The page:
No bank worker, whether permanent or temporary, will be sacked due to the economic slump occasioned by the current coronavirus pandemic, it was learnt yesterday.
The assurance came from the Central Bank of Nigeria |(CBN) and the Bankers ‘ Committee after their meeting. This came amid earlier warning by the Federal Government to employers against sacking workers during the ongoing COVID-19 pandemic.
The Committee’s decision followed a “Special Meeting,” held on Saturday, which was taken to “help minimise and mitigate the negative impact of the COVID19 pandemic on families and livelihoods.”
Specifically, the Bankers’ Committee, an umbrella body of CBN officials and managing directors of deposit money banks (DMBs), had warned that “no bank in Nigeria shall retrench or lay-off any staff of any cadre (including full-time and part-time).”
The Minister of Labour and Employment, Chris Ngige, had on May Day, said: “Employers will not be encouraged to disengage staff without prerequisite social dialogue and clearance from the Federal Ministry of Labour and Employment.”
Recall that amid speculations of mass sack in the banking industry, and others sectors in the economy, the Trade Union Congress (TUC), had on Thursday, urged the Federal Government to protect workers from “some uncharitable employers,” who planned to make workers victims of COVID-19.
Consequently, the Federal Government had warned employers against sacking workers during the lockdown without prerequisite social dialogue and clearance from the Ministry of Labour and Employment.
In agreement with the government, the Committee also stated: “The express approval of the Central Bank of Nigeria shall be required in the event that it becomes absolutely necessary to lay-off any such staff.”
In a statement yesterday, the CBN and the Bankers Committee said its decision came after a “further review of the implications of the COVID-19 pandemic on the Nigerian banking industry.”
It added that this is even as the Committee is not unmindful of “the issue of the operating costs of banks in view of the disruptions emanating from the global economic difficulties,” while the CBN solicits “the support of all in our collective effort to weather through the economic challenges occasioned by the COVID-19 pandemic.”
The Committee’s decision comes amid controversies over the alleged decision to close over 300 branches of Access Bank nationwide by the management via video conferencing in a town hall meeting with the staff.
It’s Managing Director/Chief Executive, Herbert Wigwe, was quoted to have said the decision, which will involve mass retrenchment, was in a bid to reduce operating costs due to the COVID-19 pandemic, which could affect about 75 per cent of the staff, most of whom are outsourced and are offering “non-essential services.”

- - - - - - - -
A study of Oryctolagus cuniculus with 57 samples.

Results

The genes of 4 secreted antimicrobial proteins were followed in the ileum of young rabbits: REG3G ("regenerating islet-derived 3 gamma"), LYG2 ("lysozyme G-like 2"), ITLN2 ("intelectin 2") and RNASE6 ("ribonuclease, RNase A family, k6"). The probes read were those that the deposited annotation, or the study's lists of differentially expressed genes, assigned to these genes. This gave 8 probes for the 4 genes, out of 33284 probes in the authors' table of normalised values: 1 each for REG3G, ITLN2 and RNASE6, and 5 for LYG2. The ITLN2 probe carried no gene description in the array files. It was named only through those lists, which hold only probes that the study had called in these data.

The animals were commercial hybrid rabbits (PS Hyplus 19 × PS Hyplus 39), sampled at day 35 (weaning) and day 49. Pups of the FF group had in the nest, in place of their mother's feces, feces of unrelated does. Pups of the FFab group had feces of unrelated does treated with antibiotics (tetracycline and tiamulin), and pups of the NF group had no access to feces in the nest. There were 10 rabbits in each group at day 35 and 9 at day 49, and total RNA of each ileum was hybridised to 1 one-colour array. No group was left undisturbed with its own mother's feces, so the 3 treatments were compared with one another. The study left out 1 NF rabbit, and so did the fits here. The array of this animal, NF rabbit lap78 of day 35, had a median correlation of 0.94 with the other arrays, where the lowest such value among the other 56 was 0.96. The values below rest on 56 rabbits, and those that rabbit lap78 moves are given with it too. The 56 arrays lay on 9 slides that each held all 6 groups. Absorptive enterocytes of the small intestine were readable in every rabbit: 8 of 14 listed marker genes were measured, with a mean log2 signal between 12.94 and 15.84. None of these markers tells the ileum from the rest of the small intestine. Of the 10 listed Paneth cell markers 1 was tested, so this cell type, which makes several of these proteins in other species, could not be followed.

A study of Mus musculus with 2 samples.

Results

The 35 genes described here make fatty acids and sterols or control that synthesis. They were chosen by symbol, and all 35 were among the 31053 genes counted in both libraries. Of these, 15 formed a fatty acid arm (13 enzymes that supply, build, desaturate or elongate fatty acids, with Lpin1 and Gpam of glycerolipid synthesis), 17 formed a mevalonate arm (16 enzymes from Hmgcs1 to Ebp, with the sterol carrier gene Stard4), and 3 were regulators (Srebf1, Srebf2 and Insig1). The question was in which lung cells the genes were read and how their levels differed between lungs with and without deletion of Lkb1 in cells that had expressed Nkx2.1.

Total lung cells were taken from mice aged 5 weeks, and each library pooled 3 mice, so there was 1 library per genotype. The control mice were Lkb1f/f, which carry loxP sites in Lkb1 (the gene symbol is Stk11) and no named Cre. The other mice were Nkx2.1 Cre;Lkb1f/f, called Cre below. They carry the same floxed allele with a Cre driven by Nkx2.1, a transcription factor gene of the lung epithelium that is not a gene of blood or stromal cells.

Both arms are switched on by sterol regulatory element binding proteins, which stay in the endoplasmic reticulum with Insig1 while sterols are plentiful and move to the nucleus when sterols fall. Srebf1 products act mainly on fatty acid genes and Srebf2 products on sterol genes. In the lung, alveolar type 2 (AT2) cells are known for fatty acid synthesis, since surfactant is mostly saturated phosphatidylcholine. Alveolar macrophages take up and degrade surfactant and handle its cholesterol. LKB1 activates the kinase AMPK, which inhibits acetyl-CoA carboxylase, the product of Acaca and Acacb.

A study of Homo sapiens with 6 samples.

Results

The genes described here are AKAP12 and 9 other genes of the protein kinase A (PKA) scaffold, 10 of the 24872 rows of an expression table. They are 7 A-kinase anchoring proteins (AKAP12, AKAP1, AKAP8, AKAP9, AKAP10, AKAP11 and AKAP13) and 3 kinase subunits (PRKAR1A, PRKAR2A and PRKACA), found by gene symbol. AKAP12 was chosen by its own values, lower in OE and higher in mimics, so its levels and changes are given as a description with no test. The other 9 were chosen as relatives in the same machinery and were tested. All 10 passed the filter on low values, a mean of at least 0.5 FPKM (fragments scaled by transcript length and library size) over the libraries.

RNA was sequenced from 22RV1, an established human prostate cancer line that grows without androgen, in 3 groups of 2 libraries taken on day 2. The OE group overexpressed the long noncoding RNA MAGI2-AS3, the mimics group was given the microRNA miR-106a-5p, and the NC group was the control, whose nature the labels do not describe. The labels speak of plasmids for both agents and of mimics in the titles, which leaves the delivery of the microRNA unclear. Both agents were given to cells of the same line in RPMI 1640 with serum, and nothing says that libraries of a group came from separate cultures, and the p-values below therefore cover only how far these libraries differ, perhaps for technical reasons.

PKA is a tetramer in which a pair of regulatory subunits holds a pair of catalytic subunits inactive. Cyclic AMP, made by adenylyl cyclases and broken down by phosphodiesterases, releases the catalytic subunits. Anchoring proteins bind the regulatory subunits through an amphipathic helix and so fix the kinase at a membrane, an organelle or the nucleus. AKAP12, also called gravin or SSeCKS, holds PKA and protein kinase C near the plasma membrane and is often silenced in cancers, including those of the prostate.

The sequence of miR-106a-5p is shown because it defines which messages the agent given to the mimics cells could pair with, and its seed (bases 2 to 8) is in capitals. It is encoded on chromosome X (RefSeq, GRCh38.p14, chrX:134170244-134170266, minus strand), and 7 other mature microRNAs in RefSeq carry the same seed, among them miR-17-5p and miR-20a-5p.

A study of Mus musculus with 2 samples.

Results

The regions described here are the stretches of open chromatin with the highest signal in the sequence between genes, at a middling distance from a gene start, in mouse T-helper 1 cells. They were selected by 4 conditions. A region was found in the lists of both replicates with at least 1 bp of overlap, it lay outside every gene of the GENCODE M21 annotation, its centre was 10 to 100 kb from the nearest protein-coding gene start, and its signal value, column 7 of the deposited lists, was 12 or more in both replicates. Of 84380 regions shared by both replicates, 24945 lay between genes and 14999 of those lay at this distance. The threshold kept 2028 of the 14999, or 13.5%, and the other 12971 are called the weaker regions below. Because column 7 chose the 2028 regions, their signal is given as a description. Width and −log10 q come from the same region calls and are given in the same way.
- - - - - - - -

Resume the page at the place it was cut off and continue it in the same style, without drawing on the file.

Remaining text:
But this was vehemently denied by the bank’s spokesperson, Abdul Imoyo, who noted that the branches had already been closed from the onset of the COVID-19 lockdown. He said: “This is not correct. Branches were closed at the onset of the COVID-19 lockdown. As the structure of the lockdown has been relaxed, the branches will be reopened in a phased approach, and with adherence to physical distancing guidelines.
“We advised the public when we closed over 540 branches (60 left to operate) in response to our business continuity plan for a crisis of this nature. This was further buttressed by Lagos State and subsequently the Federal Government’s stay at home or work from home order.”
Reacting on the Bankers’ Committee’s directive, Professor of Finance and Capital Markets at the Nasarawa State University, Keffi, and former Commissioner for Finance Imo State, Uche Uwaleke, described this as a welcome development.He told The Guardian: “The decision is a welcome development in order not to create hardships for workers in that sector considering that government’s COVID-19 mitigation measures are geared towards protecting jobs.
“In any case, the agreement was reached with the Bankers Committee. So, I expect that the CBN and the CEOs of banks must have worked out ways to cushion the rising costs of bank operations and liquidity challenges occasioned by the pandemic.
“In addition to the forbearance package already extended to Deposit Money Banks by the apex Bank, I want to bet that the CBN’s MPC will reduce the Cash Reserve Ratio from the current 27.5 per cent when the members meet later this month.”
Meanwhile, the Association of Senior Staff of Banks, Insurance and Financial Institutions (ASSBIFI), had earlier disclosed of plans to write to the banks tomorrow on the issue of possible lay-offs, which has now been overtaken by the Committee’s warning.
A former ASSBIFI President, Oyinkan Olasanoye, had told The Guardian that while the union envisaged possible branch closures and salary cuts, it would however resist any lay-off without negotiations.
She said: “We will write them officially on Monday on the news making the rounds. We are still making our investigations.“We have discussed with the Minister of Labour and NECA. We know there would be job losses but due process must be followed. If they are closing their branches and transferring them to other branches, we have no problem with that, but if they are shutting down their branches and asking the workers to go, we will not accept that.
“COVID-19 is nobody’s fault. You can’t just close now and tell people to go home. I know that it will have implications but it shouldn’t be immediate.”